Several new vulnerabilities are discovered, including a new Mac OS X backdoor found in the wild, several zero-days in first-person shooter game engines, and an alleged Windows hole (this last the occasion of friction between Microsoft and Google).
An Indian security company denies involvement in Indian cyber espionage (pointing out that Norman Shark stopped short of attributing exploits to the company).
Following news that the China's PLA has resumed cyber espionage, and preceding high-level US-Chinese talks, yesterday's Blair-Huntsman report on IP theft prompts fresh discussion of Sino-American cyber tensions. Many observers note the report's suggestion that it's time to permit active defense, and several (Crowdstrike prominent among them) advocate very aggressive hacking back.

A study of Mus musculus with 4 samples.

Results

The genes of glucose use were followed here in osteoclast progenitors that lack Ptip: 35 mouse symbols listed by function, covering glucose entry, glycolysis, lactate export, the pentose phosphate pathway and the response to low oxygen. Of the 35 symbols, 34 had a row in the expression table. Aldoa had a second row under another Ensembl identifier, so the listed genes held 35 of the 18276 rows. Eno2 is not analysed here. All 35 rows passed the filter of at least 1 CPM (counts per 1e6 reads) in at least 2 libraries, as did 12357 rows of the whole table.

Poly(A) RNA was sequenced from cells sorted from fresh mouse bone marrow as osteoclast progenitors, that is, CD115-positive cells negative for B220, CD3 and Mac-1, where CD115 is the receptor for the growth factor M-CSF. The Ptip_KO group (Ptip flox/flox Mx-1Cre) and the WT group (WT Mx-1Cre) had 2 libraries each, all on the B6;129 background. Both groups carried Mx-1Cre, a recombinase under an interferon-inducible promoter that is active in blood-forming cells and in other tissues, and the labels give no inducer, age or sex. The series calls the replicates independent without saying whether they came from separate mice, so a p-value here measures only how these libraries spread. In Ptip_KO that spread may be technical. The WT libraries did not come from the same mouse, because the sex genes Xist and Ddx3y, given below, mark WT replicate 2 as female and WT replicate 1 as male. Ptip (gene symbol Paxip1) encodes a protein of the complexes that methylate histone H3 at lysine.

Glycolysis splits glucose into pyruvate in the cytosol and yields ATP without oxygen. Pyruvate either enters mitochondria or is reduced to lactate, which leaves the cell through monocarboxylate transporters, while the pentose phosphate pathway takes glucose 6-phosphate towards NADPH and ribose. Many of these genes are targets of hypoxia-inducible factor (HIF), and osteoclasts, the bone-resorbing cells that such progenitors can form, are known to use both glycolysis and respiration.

But the discussion is uncertain, because no one is really sure how to interpret cyber conflict. It's not quite war (at least not always), and many competing analogies suggest themselves: deterrence (fine perhaps against rational state actors, not so fine against hacktivists), law enforcement (as against bandits or drug lords), private war (as between medieval barons, or sanctioned with letters of marque and reprisal). No single framework seems to get it right, but the UK's Defence Academy offers its own attempt at clarity in a new study.
Worries about utilities' vulnerability to cyber attack increase, with some seeing evidence that Iran is targeting US infrastructure. Industrial control system security experts argue that their domain isn't just a special case of information security.
The US Intelligence Community turns to commercial tools. Also in the US, NIST releases a cloud security Reference Architecture.